MESSAGE ON THE INTERNATIONAL DAY FOR DISASTER REDUCTION
New York, 12 October 2005
The past year has reminded people everywhere that no place in the
world is immune from natural disaster. From the massive Indian Ocean
earthquake and tsunami to the drought- and locust-ravaged countries
of Africa, from the devastation caused by hurricanes and cyclones
in the United States, the Caribbean and the Pacific to heavy flooding
across Europe and Asia, hundreds of thousands of people have lost
their lives, and millions their livelihoods, to natural disasters.
The lesson we must draw is encapsulated in the theme of this year’s
International Day for Disaster Reduction: “Invest to prevent
disaster.” We cannot stop natural calamities, but we can and
must better equip individuals and communities to withstand them.
Those most vulnerable to nature’s wrath are usually the poorest,
which means that when we reduce poverty, we also reduce vulnerability.
In this International Year of Microcredit, we should recognize
that microfinance can do much to help empower those with little or
no access to traditional financial institutions, thereby reducing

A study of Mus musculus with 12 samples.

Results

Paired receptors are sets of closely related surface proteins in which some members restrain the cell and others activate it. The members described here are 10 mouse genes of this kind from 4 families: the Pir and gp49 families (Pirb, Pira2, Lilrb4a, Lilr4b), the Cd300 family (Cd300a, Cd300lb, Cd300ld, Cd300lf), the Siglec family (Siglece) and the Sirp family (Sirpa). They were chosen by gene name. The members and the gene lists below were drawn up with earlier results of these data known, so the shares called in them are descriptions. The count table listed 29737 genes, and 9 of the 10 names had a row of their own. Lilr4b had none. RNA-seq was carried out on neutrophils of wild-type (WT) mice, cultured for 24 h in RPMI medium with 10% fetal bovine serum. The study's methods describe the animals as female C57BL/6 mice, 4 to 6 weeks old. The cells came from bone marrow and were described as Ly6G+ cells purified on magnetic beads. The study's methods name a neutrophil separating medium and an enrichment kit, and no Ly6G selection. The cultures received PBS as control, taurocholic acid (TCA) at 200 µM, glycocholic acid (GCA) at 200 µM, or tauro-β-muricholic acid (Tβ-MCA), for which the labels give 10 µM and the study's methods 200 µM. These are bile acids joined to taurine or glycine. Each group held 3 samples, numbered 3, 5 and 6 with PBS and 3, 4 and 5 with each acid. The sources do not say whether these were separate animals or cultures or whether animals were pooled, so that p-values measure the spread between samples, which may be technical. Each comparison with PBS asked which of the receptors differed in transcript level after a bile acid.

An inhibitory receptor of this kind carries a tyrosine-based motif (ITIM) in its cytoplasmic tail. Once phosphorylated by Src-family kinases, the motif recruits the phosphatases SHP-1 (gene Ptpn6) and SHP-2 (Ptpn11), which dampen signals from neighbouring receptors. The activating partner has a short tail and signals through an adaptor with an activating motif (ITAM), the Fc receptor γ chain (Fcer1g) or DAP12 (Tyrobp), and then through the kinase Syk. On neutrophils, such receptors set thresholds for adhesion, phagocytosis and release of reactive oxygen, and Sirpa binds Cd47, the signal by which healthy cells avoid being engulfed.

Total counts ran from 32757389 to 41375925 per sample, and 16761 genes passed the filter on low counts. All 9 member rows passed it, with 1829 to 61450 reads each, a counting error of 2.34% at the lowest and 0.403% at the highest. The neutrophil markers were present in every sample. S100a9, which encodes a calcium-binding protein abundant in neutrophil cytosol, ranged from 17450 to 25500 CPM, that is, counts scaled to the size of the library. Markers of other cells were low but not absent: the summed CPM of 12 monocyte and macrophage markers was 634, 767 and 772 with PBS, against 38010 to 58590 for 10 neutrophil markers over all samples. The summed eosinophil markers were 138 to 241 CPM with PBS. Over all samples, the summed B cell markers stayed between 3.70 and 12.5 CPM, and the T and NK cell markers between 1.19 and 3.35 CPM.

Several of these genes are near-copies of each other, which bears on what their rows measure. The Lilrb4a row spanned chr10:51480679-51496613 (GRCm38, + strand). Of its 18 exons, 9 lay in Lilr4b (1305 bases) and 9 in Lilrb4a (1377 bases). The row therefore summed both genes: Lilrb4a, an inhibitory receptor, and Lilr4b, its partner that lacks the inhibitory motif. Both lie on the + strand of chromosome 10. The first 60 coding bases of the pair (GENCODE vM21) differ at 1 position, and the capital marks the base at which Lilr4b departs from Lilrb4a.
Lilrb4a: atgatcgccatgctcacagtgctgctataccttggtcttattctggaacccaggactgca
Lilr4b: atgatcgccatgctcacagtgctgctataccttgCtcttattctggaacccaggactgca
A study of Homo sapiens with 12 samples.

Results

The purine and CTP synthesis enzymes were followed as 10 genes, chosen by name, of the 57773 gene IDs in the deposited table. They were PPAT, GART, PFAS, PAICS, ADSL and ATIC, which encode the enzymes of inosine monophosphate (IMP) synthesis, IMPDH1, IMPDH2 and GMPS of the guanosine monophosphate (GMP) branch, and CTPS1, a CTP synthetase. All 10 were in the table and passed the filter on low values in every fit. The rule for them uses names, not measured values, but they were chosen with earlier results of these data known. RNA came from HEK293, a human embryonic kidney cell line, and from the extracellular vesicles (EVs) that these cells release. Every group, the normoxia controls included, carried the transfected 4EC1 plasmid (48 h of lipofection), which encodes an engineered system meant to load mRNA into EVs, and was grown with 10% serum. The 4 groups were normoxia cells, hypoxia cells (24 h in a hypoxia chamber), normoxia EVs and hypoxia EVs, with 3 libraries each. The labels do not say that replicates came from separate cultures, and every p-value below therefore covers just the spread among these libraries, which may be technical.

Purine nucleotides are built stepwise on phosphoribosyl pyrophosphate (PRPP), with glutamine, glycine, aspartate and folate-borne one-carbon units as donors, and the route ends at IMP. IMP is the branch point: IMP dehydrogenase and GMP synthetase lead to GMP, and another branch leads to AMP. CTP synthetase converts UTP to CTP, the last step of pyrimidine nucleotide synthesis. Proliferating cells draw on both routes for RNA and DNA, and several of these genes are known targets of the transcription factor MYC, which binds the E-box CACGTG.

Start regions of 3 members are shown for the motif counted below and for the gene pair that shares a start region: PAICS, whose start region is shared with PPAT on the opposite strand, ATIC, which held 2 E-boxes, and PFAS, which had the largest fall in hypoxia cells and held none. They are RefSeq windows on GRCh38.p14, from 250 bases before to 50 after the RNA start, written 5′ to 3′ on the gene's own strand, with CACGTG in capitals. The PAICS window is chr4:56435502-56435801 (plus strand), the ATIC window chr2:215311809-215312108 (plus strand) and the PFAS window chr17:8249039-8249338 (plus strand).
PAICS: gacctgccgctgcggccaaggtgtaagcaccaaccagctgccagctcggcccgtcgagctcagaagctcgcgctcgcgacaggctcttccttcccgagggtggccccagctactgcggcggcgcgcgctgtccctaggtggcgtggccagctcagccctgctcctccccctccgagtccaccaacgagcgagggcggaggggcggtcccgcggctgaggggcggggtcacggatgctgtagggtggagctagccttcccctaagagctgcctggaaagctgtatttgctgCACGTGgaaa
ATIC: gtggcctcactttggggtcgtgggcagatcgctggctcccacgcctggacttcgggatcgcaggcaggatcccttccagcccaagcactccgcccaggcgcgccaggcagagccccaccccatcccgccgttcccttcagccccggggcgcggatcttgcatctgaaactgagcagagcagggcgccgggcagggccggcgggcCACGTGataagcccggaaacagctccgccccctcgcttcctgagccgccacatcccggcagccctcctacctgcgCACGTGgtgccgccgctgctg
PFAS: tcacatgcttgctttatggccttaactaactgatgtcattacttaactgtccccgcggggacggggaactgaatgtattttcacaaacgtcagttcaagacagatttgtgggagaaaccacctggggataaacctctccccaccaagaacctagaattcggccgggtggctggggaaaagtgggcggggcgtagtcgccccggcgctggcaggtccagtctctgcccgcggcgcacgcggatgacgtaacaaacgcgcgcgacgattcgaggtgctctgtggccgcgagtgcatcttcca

disaster risk and improving disaster management. By diversifying
the income of high-risk populations and promoting disaster insurance,
microfinance can strengthen coping mechanisms before disasters, while
hastening recovery afterwards.
These are the type of innovative approaches called for in the Hyogo
Framework for Action 2005-2015, adopted at the World Conference on
Disaster Reduction in January, and reaffirmed in September at the
World Summit at United Nations Headquarters in New York. On this
International Day, after a year in which we should all have learned
profound lessons, I call on governments at all levels, international
organizations, civil society groups, and the private sector to implement
this framework and invest in poverty reduction and disaster prevention,
in order to build resilient communities and save lives.